Putting limits on science fiction
I’ve discussed conventional commitments in the criticism of fiction in a previous post, which is a kind of general foundation for this examination of science fiction criticism in particular…
SF seems to be one of the most complex and ironic genres of all: despite its diversity, there is a whole lot of conflict regarding the quality and legitimacy of the diversity, which results in sets of limiting conditions regarding acceptable SF and a bunch of camps and trenchs being occupied by adherents.
Some of the limiting conditions are as follows:
- I want more science in my (science) fiction;
- It’s the science in the fiction that makes it science fiction;
- The science doesn’t matter;
- There needs to be a philosophical basis to the fiction;
- There’s an important difference between scifi and SF;
- SF is essentially about the exploration of ideas;
- SF should be extrapolative;
- science fiction is about moral explorations;
- science fiction is commentary and reflections on the present not the future;
- SF is about having a fun ride;
- Science gets in the way of the story and the characters;
- Science should win out over mythology and superstition;
- Unexplained and baseless technology is just magic and therefore valueless to SF.
I guess the list is even longer than that, but you can immediately see how this separates and divides and creates camps and elitism, hierarchies and so on. The nomenclature of things itself is political and ideological in an SF-storytelling kind of way.
Further, many of us would identify with some on the list but describe others as ignorant, presumptuous or just as misconceptions, etc.
The thing about it is that beliefs like these may gradually form into a rigid architecture, regardless.
But that doesn’t matter on the Internet and its small social networks as they serve a gravitational function for like-minded individuals; this is, after all, what the Internet enables and reinforces in spades.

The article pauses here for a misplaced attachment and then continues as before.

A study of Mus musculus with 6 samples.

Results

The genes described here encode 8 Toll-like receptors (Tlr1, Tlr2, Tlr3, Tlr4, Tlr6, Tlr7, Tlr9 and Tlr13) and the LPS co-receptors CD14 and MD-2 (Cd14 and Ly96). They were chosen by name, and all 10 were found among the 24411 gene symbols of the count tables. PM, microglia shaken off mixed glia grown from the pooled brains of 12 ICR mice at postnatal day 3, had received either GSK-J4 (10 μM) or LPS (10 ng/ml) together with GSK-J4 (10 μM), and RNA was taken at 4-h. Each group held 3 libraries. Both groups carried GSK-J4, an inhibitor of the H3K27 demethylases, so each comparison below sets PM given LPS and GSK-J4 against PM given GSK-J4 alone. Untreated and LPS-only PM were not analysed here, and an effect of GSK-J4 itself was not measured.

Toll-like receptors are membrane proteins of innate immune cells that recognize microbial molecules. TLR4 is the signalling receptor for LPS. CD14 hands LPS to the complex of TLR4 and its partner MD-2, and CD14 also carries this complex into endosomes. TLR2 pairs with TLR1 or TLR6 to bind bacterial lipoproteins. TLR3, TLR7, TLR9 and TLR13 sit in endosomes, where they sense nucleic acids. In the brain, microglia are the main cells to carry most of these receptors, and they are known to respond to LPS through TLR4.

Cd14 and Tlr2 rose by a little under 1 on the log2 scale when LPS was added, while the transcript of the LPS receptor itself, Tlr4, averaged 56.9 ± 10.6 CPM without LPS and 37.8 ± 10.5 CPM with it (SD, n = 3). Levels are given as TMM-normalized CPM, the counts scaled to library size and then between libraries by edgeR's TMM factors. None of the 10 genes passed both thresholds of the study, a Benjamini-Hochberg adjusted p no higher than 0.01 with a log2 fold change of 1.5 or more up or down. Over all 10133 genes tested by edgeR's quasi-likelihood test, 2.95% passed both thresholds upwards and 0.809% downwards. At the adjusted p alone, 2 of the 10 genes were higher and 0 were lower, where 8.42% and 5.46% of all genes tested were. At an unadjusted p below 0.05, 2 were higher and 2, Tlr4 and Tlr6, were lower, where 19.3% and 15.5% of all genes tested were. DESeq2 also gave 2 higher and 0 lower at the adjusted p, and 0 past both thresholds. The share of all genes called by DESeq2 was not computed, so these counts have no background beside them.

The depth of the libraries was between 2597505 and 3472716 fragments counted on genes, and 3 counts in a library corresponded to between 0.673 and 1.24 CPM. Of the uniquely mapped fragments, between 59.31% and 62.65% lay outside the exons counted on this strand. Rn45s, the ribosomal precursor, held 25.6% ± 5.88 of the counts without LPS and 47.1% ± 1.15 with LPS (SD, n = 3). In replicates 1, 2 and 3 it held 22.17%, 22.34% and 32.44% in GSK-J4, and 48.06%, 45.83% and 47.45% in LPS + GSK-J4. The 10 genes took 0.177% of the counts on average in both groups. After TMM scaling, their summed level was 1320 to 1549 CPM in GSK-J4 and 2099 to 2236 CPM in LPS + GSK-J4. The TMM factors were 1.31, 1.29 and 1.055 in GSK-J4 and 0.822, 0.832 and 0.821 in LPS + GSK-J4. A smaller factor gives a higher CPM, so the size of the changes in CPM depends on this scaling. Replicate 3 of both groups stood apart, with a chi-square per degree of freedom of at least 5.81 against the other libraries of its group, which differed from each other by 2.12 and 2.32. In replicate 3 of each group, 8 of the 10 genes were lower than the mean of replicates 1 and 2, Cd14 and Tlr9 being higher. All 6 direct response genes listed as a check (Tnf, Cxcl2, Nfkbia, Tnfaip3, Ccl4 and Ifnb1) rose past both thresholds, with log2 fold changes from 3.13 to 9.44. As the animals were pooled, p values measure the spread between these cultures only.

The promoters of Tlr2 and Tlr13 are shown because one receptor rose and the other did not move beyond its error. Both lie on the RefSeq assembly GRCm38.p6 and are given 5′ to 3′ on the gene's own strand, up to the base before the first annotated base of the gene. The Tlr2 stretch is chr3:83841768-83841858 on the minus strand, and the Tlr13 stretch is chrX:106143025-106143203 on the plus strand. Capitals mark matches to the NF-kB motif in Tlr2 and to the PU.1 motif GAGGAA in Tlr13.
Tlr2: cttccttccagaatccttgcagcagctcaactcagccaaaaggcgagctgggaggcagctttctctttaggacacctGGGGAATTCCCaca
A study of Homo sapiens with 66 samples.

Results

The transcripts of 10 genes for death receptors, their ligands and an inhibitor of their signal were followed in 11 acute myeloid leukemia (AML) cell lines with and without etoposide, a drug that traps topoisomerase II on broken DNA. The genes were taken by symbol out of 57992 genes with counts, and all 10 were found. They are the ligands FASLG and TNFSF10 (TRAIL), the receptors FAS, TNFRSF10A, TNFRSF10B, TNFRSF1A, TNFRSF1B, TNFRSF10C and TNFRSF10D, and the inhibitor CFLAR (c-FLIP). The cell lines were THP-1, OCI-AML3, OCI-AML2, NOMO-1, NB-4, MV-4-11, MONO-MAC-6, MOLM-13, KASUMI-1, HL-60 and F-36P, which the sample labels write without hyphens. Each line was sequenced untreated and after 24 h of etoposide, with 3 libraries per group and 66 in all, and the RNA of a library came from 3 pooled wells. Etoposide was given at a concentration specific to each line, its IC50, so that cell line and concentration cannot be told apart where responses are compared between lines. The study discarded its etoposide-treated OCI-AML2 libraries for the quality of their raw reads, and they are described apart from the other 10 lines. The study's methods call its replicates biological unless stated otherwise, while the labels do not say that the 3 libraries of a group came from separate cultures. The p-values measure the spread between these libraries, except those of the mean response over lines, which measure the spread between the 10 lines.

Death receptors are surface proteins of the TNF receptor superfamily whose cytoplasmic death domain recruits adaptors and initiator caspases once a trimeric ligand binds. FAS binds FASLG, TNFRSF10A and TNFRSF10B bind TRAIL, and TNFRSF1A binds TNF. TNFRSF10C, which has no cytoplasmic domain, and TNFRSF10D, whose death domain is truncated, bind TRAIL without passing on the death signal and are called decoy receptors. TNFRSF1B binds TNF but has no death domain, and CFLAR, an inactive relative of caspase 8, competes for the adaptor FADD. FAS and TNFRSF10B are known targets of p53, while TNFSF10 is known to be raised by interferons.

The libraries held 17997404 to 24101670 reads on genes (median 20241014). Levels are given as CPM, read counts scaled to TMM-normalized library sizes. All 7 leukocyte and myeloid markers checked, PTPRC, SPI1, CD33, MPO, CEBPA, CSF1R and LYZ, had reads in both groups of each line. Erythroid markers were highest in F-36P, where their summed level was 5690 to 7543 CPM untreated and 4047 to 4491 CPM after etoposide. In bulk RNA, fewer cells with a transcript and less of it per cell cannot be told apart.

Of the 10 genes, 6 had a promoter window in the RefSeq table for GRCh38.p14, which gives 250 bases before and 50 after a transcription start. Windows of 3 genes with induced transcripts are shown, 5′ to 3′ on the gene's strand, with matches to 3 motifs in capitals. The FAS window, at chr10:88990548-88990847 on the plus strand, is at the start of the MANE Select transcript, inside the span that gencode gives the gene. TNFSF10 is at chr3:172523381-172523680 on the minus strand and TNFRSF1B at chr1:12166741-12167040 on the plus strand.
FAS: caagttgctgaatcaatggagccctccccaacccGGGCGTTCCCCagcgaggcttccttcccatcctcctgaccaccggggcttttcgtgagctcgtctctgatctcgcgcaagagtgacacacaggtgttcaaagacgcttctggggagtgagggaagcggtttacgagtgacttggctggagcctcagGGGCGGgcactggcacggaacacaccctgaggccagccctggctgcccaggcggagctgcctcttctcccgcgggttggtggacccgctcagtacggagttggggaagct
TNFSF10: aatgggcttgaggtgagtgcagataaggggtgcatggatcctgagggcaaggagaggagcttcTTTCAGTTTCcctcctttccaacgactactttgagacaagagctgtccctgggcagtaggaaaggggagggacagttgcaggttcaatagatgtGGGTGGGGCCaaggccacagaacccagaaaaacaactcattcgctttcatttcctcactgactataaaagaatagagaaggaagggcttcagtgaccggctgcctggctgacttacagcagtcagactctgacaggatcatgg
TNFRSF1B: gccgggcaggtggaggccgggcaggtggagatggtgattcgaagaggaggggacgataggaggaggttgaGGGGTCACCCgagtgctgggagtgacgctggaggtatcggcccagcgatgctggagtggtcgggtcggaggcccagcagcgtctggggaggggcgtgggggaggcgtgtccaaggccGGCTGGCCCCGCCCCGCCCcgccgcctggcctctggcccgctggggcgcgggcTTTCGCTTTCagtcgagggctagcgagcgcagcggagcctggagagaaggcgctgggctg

So, why should you change when you can readily find a community that validates and reinforces your values?
I admit to being like this a bit myself: I’ve subscribed to distinguishing between scifi and SF, for example. I still think that it’s sensible to do so, but it’s also elitist. However, I’m not the kind of elitist who avoids it totally with disdain and revulsion, criticises it heavily and scoffs at it when confronted by it in film and TV, essentially disallowing it any legitimate place in the sci-trope stroytelling landscape. This makes me another kind of elitist, though, right?
Moreover, despite attempting to differentiate myself, I may well write pulp scifi according to certain elitists of different persuasions.
I wouldn’t be at all surprised!
I have written extreme scifi-trope space opera, after all. At least it’s complex and philosophical, though. There it is again…
I did redeem myself by subsequently writing serious near-future SF.
What about SF history?
What I do find disturbing about some of these limiting conditions, though, is that they can be so limiting and so divorced from an understanding of SF history and its diversity.
I mean, certain camps seem to forget that soft SF is actually or can be highbrow SF as well; it’s not just hard SF that’s highbrow.
What a surprise, lol!
I’ve also written an article recently about the difference between science fiction and scientific fiction. The difference is huge. But it seems to me that there are plenty of people who don’t understand it and even evaluate a range of contemporary SF angles based on an old-fashioned view associated with scientific fiction, which is essentially 19th century, originating with Verne; I mean, deviations towards a more science fiction narratology began with his contemporaries. We should be familiar with this, even if it’s just intuitive…
The risks of missing the point
The extremes of liminal SF and sci-trope fantasy SF have taken us to places where ideas and fiction and sci-tropes and philosophy are entertained seriously. These modes have perhaps more or less no basis in hard or even soft science, but they still have relevance to our condition that are more than just escapist fantasy, which would therefore be rubbish, right?
I’m being facetious…
If we were to evaluate their worth from a scientific perspective rather than a narrative perspective, we would miss the point entirely.
Missing the point is essentially one of the limiting functions of limiting commitments or ideology. The more interested we are in exploring narrative diversity and engaging with it in its own terms, the greater the chance that we’ll actually get what a book is trying to convey and gain something valuable as a result.
An architecture of commitments is inevitable; if we’re not careful, though, we may be needlessly constrained, even destroyed by them.